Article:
Eugene Woods is no one-hit wonder.
It took Woods less than three years to turn around the fortunes of a U.S. Virgin Islands hospital that he once said "had so much trouble we had difficulty purchasing blood," so it's not surprising he was able to do the same at St. Joseph HealthCare in Lexington, Ky.
In August, Woods was promoted from president and chief executive officer of four-hospital St. Joseph to CEO of a new organization formed by its parent, Catholic Health Initiatives, Denver, that includes all of the system's seven Kentucky hospitals. The organization will begin operating in January.
Before his latest assignment, Woods had been the president and CEO of St. Joseph for less than three years. But you wouldn't know that from reading the list of his accomplishments during that time.
Having worked at four different hospitals and health systems in the past decade, he has learned how to acclimate and achieve results expeditiously, his colleagues say. “It was amazing how quickly he came up to speed in a new organization,” says Gary Campbell, senior vice president and group executive officer at CHI, whose 54 hospitals include four-hospital St. Joseph HealthCare. “After six months, it was like he had been there five years,” he says.
Under Woods' leadership, St. Joseph acquired Berea (Ky.) Hospital and made it profitable, turning around more than a decade of losses. Woods has also worked to secure a certificate of need for Jessamine County's first emergency room, according to Jeff Murphy, a St. Joseph spokesman, which is scheduled to open in 2008 in Nicholasville, Ky. The system has announced more than $70 million
worth of expansions and renovations at 116-bed St. Joseph Hospital East, Lexington, and 41-bed St. Joseph Berea, following an $85 million renovation and expansion at 343-bed St. Joseph Hospital, Lexington. In addition to his new role, Woods will continue to head St. Joseph until its board names a successor.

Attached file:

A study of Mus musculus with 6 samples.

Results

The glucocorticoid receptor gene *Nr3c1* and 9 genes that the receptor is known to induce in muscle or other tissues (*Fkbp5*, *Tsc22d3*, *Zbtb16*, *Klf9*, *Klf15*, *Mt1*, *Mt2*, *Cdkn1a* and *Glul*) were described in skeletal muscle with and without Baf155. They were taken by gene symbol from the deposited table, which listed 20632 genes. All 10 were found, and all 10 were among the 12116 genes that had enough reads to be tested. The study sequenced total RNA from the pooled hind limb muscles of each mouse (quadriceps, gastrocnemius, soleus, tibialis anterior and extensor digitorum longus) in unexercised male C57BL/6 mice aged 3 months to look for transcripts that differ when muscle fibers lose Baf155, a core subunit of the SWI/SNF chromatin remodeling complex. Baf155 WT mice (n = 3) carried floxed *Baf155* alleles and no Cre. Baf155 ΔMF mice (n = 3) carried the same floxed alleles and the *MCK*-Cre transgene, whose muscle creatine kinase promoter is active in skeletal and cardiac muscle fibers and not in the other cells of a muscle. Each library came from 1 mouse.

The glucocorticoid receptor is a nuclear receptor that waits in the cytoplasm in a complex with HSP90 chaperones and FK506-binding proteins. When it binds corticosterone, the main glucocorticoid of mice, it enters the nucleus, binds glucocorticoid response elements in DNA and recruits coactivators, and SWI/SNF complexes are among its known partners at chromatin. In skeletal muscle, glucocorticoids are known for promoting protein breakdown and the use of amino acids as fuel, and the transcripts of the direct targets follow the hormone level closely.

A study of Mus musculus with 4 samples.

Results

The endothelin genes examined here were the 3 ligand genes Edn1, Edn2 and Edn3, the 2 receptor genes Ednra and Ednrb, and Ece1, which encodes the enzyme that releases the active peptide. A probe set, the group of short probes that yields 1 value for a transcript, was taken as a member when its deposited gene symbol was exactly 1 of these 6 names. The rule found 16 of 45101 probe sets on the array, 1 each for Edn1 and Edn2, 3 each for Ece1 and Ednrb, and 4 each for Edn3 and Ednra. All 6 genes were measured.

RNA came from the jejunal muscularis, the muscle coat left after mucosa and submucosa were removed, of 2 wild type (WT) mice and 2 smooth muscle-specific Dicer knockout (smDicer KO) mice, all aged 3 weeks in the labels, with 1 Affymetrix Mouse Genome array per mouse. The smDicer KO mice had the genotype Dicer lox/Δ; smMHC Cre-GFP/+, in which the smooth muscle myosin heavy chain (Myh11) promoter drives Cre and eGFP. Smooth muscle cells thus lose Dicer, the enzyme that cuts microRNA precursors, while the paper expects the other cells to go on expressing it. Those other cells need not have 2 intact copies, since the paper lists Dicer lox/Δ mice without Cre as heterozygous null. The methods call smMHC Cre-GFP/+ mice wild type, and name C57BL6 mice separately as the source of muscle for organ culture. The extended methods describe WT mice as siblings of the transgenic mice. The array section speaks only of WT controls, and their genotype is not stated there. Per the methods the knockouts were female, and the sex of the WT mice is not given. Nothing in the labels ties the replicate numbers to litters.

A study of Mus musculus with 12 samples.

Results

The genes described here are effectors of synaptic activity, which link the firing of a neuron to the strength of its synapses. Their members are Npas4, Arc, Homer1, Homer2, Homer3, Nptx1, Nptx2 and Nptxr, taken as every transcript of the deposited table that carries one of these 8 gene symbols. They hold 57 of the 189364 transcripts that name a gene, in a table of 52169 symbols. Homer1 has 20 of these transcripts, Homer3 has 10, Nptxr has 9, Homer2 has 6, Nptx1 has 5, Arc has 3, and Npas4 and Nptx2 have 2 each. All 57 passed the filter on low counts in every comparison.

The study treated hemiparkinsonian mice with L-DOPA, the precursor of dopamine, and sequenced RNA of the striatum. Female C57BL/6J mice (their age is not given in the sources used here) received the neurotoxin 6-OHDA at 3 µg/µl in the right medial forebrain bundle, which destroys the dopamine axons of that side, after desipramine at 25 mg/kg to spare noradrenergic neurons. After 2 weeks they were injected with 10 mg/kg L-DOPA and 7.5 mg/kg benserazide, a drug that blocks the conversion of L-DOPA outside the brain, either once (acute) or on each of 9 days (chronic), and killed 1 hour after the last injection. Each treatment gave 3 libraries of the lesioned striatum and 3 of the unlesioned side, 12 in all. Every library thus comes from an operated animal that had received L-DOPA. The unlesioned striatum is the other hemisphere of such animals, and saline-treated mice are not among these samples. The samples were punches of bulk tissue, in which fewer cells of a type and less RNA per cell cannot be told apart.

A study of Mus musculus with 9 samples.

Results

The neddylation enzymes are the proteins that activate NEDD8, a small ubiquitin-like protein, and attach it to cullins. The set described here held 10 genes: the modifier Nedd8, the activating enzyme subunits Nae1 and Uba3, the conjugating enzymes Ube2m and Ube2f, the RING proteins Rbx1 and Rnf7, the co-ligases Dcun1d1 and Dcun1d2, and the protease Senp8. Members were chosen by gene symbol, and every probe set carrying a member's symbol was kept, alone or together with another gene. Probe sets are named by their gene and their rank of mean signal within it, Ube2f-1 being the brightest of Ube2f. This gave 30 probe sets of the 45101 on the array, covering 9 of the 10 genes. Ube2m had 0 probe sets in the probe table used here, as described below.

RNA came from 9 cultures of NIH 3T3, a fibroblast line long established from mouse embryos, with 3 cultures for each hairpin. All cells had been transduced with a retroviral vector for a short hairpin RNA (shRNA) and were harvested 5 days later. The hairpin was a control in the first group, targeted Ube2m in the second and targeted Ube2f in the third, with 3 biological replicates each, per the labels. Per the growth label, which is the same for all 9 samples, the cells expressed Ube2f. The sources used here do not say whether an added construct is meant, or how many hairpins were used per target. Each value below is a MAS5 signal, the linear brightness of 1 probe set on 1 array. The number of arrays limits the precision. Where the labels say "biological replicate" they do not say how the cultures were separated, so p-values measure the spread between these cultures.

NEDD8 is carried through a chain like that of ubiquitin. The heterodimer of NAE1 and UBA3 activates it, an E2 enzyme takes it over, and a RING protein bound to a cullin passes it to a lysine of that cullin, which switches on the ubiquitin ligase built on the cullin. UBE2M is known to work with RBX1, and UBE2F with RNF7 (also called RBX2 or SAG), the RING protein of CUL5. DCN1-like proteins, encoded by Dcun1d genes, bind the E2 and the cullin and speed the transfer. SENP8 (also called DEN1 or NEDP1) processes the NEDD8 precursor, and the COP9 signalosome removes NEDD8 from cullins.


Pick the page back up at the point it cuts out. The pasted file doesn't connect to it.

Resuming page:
“He's got an amazing ability to juggle a lot of balls at once,” Campbell says. Woods, 43, has juggled his share of honors and accolades, too. He was named an Up & Comer in 2001 at age 37, when he had been CEO of Roy Lester Schneider Hospital in St. Thomas, U.S Virgin Islands, for three years and had just left to begin a job as vice president of clinical services at Washington Hospital Center in the nation's capital.
He had worked there for only a few days on Sept. 11, 2001, when the hospital received the burn victims from the attack on the Pentagon. Woods was also included in Modern Healthcare's list of Top 25 Minority Executives in Healthcare in 2006, by which time he had joined St. Joseph. Earlier this year, he was selected as the regent for Kentucky by the American College of Healthcare Executives.
The recently announced integration—which is expected to bring 52-bed Flaget Memorial Hospital in Bardstown, 87-bed Marymount Medical Center in London, and 25-bed Our Lady of the Way Hospital in Martin together with St. Joseph's hospitals—will be another test of Woods' relationship skills. “His participation in helping that transition looms very large,” Campbell says. When the hospitals come together, Kentucky will represent the second-largest “market-based organization” within CHI, he added.
Woods said in a news release that he was “deeply humbled by the privilege of serving this new organization as we enter a very exciting phase to fundamentally transform the way care is delivered in Kentucky.”
Sounds like it should be music to patients' ears.